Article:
Breath & Shadow
A Journal of Disability Culture and Literature
Breath and Shadow
Volume 12 Issue 1
Absurdity for Drum and Glockenspiel
By Robert L. Smith
While I've never actually seen
the offending instrument,
I've heard it often enough:
the high, metallic stammer
of the glockenspiel, like the oddly
disturbing song of some solitary child, wafting out of the JROTC room,
accompanied by a single faltering drum, as I leave campus by a basement
door at the end of the school day.
This afternoon's no different,
save for the fact that something
vaguely familiar about this mutilated music makes me pause a moment on
the threshold, searching my memory.
All at once I have it:
here is the transcendence
of Jesu, Joy of Man's Desiring--
more suited to fluted columns and stained glass-- reduced, in youthful
hands, to the merely mundane, the melody earnestly stumbling toward a
Heaven that, at the moment, seems more remote than ever.
By Robert L. Smith
i.m.: VictorLeonard Buxbaum, 1961-2013
Somehow I know, even as it's happening, that this is a dream. Beyond
its borders, in the waking world, you are still dead:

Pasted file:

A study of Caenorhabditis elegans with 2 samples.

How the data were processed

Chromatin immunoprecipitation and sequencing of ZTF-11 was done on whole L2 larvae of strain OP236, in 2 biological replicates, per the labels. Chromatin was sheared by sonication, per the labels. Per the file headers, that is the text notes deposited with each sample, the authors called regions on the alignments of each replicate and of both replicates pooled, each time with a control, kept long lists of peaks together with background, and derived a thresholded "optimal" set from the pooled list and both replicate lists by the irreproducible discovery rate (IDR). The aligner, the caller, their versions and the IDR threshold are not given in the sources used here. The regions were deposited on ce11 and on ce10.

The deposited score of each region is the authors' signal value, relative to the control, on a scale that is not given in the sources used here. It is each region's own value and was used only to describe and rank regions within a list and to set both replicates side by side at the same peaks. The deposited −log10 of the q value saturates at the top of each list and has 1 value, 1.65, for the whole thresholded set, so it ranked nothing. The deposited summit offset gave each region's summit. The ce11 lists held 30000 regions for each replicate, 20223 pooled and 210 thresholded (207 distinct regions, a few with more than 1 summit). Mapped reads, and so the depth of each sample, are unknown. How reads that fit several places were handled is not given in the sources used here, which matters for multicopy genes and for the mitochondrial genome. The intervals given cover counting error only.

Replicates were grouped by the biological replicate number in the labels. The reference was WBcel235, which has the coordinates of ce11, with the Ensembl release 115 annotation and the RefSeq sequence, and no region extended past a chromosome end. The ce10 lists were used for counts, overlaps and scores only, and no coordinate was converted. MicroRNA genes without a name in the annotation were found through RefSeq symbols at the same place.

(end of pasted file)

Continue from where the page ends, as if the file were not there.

five months now. In the convoluted logic of the dreamscape, I am
living again downtown in the apartment on Sutter, somewhere I
shouldn't reasonably be.
Although you were Jewish by birth,
Buddhist by inclination, you seem to
have attracted a sort of cult following, old men in black, gaunt as
priests, who come knocking on my door, their thin beards soft as spun
sugar in the hallway light. They want to offer me a reliquary
where in repose twisted metal fragments of the car that ran you down,
the shredded steel still jeweled with your blood; they proffer for
my perusal icons in which your face with its dark eyes and
aquiline features is the stylized visage of the Orthodox Christ, like a
specimen preserved in amber: calm, conveying neither accusation
nor forgiveness, expressionless beneath a shroud of silence.
Raised in New Jersey, Robert Lavett Smith has lived since 1987 in San Francisco, where for the past fifteen years he has worked as a Special Education Paraprofessional. He has studied with Charles Simic and Galway Kinnell. He is the author of several chapbooks and two full-length poetry collections, the most recent of which is Smoke In Cold Weather: A Gathering of Sonnets (Full Court Press, 2013).